ABELLIO has announced it will no longer operate services in the Ruhr region with effect from February 1 2022.

The existing contracts will be transferred to new operators on a short-term emergency basis by the three transport authorities: Rhine-Ruhr Transport Association (VRR), Westfalia-Lippe Local Transport (NWL) and Rhineland Regional Transport Association (NVR). This decision follows over 18 months of negotiations and previous proposals from Abellio that it, rather than any other operator, should be awarded the emergency contracts.

Abellio Germany has been in court supervised financial protection since July 2021 and had been seeking to renegotiate its existing contracts with German states, although this has been only partially successful, with most other contracts either ending shortly or being removed completely.

Abellio’s decision to no longer run services in the Ruhr region will limit its future financial exposure, but may leave it open to claims for damages from the transport authorities affected. While the Abellio NorthRhine-Westfalia (Abellio NRW) company based in Hagen was the first Abellio rail operation in Germany, the contract terms Abellio NRW had agreed to for recent contracts had become too onerous. In many cases the contracts that have caused the recent financial and operational problems in the Ruhr region and elsewhere in Germany are those that were bid for and awarded from 2016 onwards. Abellio, in common with other German regional train operators, has complained of driver shortages plus disruption and unplanned expense due to infrastructure work.

Abellio had sought to retain some Ruhr region contracts that in some cases it has operated since 2005. Abellio has grown substantially since 2005, when it was a subsidiary of Essen tram operator EVAG and largely owned by British investors Star Capital Partners. By 2019 Abellio had become the second biggest operator in Germany after DB Regio. Wholly owned by Netherlands Railways (NS) since 2008, Abellio moved its headquarters from Essen to Berlin in 2015.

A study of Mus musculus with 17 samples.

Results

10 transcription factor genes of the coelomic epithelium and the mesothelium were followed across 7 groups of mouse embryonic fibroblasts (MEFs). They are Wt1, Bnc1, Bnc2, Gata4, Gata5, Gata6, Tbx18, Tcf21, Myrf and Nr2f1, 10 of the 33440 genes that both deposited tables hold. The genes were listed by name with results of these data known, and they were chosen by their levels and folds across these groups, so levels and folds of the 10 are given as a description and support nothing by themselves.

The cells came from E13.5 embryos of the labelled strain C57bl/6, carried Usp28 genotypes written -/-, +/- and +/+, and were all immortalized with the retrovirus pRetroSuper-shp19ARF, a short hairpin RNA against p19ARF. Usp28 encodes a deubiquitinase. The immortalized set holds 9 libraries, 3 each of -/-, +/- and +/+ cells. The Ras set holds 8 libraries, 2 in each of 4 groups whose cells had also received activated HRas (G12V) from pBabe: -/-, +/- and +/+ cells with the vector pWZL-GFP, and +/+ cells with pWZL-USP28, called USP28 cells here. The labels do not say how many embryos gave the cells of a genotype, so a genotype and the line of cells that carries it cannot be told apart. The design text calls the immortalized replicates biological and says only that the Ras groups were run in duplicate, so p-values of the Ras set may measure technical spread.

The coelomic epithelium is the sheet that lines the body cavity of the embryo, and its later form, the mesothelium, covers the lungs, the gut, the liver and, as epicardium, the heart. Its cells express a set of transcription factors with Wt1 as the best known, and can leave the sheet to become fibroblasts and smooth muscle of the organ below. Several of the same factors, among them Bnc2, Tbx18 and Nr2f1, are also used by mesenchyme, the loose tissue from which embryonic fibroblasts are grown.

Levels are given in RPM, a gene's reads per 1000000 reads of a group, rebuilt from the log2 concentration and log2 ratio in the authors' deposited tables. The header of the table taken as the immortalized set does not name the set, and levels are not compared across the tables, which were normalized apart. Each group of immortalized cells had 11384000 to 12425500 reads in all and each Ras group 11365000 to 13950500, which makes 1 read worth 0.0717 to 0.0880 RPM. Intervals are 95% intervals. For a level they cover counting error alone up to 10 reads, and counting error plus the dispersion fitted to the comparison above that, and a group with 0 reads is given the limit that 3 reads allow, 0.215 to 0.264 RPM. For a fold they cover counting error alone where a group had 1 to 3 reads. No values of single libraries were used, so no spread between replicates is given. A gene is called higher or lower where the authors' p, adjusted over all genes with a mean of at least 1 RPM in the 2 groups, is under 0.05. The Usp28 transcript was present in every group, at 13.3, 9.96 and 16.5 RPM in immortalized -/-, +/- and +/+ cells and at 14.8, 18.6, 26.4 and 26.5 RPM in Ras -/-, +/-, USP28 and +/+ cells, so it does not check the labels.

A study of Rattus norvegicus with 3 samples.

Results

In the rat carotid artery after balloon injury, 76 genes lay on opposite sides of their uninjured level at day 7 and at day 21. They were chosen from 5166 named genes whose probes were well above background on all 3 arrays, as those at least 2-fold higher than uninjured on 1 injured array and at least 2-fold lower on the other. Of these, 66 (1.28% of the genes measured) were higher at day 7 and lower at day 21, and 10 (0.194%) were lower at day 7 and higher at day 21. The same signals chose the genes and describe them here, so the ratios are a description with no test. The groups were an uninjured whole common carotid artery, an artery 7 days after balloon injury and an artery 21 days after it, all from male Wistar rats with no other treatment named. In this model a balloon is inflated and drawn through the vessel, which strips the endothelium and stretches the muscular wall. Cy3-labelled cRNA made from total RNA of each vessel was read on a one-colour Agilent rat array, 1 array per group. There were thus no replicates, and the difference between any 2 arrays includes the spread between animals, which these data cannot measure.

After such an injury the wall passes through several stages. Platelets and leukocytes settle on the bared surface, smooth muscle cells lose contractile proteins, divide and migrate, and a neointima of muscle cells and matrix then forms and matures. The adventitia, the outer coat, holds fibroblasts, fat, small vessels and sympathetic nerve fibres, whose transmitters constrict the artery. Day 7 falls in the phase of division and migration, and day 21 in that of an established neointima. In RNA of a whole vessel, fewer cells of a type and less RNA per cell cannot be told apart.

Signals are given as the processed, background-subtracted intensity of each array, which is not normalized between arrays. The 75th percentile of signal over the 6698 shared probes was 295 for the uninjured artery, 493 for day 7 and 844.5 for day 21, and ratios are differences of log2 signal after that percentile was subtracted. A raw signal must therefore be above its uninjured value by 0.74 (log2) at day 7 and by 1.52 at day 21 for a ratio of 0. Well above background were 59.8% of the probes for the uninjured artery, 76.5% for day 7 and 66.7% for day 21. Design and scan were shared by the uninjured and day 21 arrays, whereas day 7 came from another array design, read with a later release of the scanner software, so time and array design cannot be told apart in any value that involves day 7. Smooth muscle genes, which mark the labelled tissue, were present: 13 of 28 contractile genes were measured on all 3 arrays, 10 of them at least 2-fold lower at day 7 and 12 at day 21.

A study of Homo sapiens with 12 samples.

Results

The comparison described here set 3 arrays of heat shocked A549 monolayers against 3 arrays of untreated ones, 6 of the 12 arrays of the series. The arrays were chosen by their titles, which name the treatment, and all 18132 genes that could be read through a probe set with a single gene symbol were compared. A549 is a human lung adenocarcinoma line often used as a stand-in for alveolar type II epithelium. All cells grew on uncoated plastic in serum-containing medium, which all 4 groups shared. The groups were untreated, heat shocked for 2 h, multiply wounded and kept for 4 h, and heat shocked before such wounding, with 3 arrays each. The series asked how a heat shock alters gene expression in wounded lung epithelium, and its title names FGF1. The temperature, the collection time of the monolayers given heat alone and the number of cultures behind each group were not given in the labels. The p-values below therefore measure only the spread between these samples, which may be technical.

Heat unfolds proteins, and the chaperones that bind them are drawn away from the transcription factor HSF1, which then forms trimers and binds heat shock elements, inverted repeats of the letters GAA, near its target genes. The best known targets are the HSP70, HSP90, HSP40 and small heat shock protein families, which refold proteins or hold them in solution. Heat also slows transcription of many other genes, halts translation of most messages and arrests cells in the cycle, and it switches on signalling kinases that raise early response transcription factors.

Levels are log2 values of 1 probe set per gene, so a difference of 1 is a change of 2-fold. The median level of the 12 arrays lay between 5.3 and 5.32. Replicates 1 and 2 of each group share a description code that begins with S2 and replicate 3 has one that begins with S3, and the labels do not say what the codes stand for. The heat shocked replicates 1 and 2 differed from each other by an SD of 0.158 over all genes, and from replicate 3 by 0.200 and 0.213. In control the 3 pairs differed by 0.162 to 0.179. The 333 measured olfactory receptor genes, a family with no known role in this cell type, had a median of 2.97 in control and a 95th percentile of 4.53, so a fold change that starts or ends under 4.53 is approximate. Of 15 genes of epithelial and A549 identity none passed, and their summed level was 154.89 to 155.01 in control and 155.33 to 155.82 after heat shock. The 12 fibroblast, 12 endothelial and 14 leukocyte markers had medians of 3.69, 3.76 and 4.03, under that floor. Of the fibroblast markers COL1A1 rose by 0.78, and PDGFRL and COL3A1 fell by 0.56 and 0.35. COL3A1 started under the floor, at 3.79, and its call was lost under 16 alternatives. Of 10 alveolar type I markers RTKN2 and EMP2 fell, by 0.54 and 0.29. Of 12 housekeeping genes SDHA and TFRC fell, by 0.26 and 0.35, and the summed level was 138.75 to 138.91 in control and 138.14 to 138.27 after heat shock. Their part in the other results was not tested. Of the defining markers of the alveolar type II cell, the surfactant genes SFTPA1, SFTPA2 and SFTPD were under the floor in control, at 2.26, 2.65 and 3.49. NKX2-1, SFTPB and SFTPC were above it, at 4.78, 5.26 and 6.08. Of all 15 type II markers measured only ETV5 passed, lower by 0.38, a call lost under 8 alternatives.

Following the Abellio NRW announcement, VRR, NWL and NVR immediately held meetings with Abellio NRW’s employees and have ensured that employees who transfer to the new emergency operators will retain all their contracted Abellio NRW employment rights and pay. The transport authorities are underwriting this promise. Abellio had agreed a new collective agreement for train crew with the Union of German Locomotive Drivers (GDL) less than one week before announcing it would no longer operate in the Ruhr region.

The train fleets used by Abellio in the Ruhr region are owned by the transport authorities making transfer to a new operator relatively simple.

Reduced future operation

Abellio has agreed to give up some contracts in central Germany from 2024, while retaining the Saale-Thuringia-Südharz EMU network contract until 2030. In the southern state of Baden-Württemberg, Abellio has sold its Abellio Rail Baden-Württemberg subsidiary to state owned company Sweg for “between 5m and €6m” after failing to renegotiate terms for contracts around Stuttgart. The transaction was finalised on November 24 and Sweg will operate the former Abellio contracted routes until January 1 2024 under an emergency award, pending a new tender for a long-term contract.

In Lower Saxony, Abellio owns Westfalia Rail (WFB) which received confirmation in September from Lower Saxony Transport Authority (LNVG) that an agreement between LNVG and WFB would be put in place allowing continued operation of the company’s contracts for two routes representing around 6 million train-km annually. The contracts run until December 2030 and, assuming Abellio can provide any necessary funding, it now appears likely WFB will remain in Abellio ownership. Along with the Saale-Thuringia-Südharz network in central Germany, this is likely be the only remaining Abellio operation in Germany.